That $225,000 was the most expensive money Mulroney ever made

The former PM's 'error in judgment' has cost him plenty


In the four years I wrote speeches for Brian Mulroney, I came to know the difference between his own voice and something that had been written for him.

And clearly, yesterday, Canadians heard him in his own voice. Whether you believed him or not, his half-hour opening statement to the House ethics committee was Mulroney speaking for himself, not a lawyer arguing a brief. No excuses. No qualifiers. No one to blame but himself.

The audience wasn't in the room. Not really. The members of the committee were supporting players in a fairly scripted if spirited drama. The media were just filters. The real audience was in the offices and living rooms of the country. And having heard from Karlheinz Schreiber over four days, there was a growing sense that in fairness Canadians should hear from Mulroney for at least one.

The first thing he had to do was apologize for accepting a cash-retainer arrangement with Karlheinz Schreiber. So that one of the storylines of the day became "Mulroney apologizes" rather than "Mulroney refuses to apologize."

Then, after expressing regret, he needed to acknowledge it was the biggest mistake he ever made in his life. Or as he put it, "the second biggest mistake," after ever agreeing to meet a character like Schreiber in the first place.

If Peter Lougheed knew enough to keep Schreiber away from the Alberta premier's office, if Paul Tellier knew enough to throw him out of the Langevin Building, Mulroney should never have met the man. Elmer MacKay and Fred Doucet introduced him, but it was Mulroney's mistake, and his own alone, to meet him.

MacKay had given up his seat for Mulroney in the 1983 Central Nova by-election. And Doucet, a senior adviser who went on to become a lobbyist, is one of the old friends of whom Mulroney was far too indulgent. Don't ask.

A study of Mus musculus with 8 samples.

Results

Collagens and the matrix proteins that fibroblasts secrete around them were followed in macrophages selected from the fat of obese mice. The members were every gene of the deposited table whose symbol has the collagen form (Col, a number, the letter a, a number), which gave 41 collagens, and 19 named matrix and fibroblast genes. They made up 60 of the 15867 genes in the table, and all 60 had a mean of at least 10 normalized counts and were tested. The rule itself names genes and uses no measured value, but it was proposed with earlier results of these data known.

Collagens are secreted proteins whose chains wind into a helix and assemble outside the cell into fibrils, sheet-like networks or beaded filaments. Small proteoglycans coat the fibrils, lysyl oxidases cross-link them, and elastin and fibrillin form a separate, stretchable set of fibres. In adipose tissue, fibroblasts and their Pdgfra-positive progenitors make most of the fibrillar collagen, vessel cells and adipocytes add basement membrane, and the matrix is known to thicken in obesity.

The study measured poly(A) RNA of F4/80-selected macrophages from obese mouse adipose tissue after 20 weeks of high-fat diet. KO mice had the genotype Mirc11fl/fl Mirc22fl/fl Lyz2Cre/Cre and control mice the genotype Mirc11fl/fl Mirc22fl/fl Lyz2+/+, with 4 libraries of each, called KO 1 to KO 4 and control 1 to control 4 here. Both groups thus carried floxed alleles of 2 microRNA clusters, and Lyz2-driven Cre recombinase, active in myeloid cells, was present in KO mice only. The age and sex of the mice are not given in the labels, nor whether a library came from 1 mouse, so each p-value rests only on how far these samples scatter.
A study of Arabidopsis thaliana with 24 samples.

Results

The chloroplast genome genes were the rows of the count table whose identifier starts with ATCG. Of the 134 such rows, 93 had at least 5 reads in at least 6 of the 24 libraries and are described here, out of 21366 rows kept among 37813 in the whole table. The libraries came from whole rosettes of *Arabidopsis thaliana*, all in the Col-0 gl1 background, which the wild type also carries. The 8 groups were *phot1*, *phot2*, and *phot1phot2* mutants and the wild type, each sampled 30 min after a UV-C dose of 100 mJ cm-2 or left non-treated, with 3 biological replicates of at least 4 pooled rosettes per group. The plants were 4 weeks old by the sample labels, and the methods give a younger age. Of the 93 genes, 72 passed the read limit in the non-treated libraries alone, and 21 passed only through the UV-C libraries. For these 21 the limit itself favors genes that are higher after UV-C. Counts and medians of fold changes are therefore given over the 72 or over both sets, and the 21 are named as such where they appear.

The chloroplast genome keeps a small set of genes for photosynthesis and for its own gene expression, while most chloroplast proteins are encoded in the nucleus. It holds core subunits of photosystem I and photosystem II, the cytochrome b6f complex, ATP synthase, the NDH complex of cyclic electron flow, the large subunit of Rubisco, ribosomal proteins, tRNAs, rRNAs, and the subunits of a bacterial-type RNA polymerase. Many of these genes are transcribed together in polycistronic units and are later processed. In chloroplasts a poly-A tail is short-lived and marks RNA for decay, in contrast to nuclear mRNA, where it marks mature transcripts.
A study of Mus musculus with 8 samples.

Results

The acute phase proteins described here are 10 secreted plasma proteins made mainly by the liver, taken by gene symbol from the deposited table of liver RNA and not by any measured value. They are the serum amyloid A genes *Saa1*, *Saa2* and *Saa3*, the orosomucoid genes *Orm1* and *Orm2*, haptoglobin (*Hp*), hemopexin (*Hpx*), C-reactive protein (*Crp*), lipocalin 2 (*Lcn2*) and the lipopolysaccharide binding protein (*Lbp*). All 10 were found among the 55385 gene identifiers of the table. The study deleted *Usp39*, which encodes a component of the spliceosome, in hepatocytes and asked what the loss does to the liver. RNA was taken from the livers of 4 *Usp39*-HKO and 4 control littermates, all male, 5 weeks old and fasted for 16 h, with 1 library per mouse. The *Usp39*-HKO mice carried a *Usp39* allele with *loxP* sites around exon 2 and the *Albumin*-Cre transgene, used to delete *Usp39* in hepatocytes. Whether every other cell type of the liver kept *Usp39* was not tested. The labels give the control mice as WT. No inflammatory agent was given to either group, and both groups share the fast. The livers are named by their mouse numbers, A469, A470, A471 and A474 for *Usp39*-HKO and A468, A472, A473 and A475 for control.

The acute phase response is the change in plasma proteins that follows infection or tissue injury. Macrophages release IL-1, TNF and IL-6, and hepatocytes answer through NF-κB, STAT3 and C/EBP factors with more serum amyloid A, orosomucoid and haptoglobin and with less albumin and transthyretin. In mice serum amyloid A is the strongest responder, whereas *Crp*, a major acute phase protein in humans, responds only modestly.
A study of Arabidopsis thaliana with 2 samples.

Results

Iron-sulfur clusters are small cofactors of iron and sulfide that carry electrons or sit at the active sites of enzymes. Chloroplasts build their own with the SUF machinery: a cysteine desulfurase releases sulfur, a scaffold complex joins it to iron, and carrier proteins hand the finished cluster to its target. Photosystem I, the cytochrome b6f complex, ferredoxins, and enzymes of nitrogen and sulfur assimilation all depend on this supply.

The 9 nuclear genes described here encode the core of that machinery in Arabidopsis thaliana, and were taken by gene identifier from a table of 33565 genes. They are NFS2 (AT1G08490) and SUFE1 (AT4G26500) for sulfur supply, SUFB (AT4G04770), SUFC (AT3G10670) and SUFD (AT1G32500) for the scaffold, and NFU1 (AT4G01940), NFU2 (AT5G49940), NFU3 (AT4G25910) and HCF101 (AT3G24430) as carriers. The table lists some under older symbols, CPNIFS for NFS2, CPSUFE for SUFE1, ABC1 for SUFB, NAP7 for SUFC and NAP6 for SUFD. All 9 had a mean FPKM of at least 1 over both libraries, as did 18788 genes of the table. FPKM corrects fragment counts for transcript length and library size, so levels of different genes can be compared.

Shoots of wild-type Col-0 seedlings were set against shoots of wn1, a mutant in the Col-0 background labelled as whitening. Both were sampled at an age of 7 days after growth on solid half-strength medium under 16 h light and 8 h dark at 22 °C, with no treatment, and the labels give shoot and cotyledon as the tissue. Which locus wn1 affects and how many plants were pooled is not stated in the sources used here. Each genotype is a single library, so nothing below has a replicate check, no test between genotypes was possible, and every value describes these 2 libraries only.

Mulroney said yesterday that when he met Schreiber, he knew him as a respectable businessman, as the head of Thyssen Canada, with 3,000 employees in this country. It was only later that he came to discover that he was a serial liar and sociopath, who specialized in ruining people's lives. Schreiber certainly had a good run at ruining Mulroney's, not to mention Helmut Kohl's, with honourable mention in the last week of Jean Charest and Benoît Bouchard. The man who would sell out his own mother to achieve his objective of avoiding extradition to Germany.

Beyond the apology and the admission of his error in meeting Schreiber, Mulroney had to answer a few other questions yesterday.

Why did he accept a cash arrangement with Schreiber in the first place? Because that's what he offered, when they met at an airport hotel at Mirabel in August 1993. Would he have accepted a cheque? Obviously.

What did he do to earn the money? At his own expense, he visited high-level government officials of the five permanent members of the UN Security Council, to lobby them on behalf of the Bearhead light armoured vehicle project that his own government had cancelled when it would have cost $100 million of taxpayers' money to build a plant in Nova Scotia.

Why the delay in paying his taxes, which he did voluntarily later on? What did he do with the cash? And by the way, how much was it?

Not $500,000, which Schreiber said had been set aside. Not even $300,000 in three payments of $100,000 each. But $225,000, Mulroney said, in three payments of $75,000 each.

Now that was the major development of the day. That it was only $225,000 doesn't diminish Mulroney's error in judgment.

But it does further destroy the credibility of Schreiber, who doesn't even know how much money he paid Mulroney. If he can't even get that straight, why should anyone believe anything he says?

For the rest, Mulroney proceeded to eviscerate Schreiber's credibility, quoting different sworn versions of the same story, and destroying Schreiber's Nov. 7 affidavit that Mulroney dubbed his "get-out-of-jail card," leading to this political melodrama on Parliament Hill.

Now David Johnston, the independent third party who is to make recommendations on where to go from here, is faced with a political as well as a process problem. Is there a question of the public interest, enough to justify the expense of a full public inquiry? Is there a lesser means, such as turning the whole miserable business over to the police or a public prosecutor? Or was this, in the end, a private transaction which, Mulroney having paid his taxes, isn't in the public domain?

Whether it was $300,000 or $225,000, this much is clear: It's the most expensive money Mulroney ever made.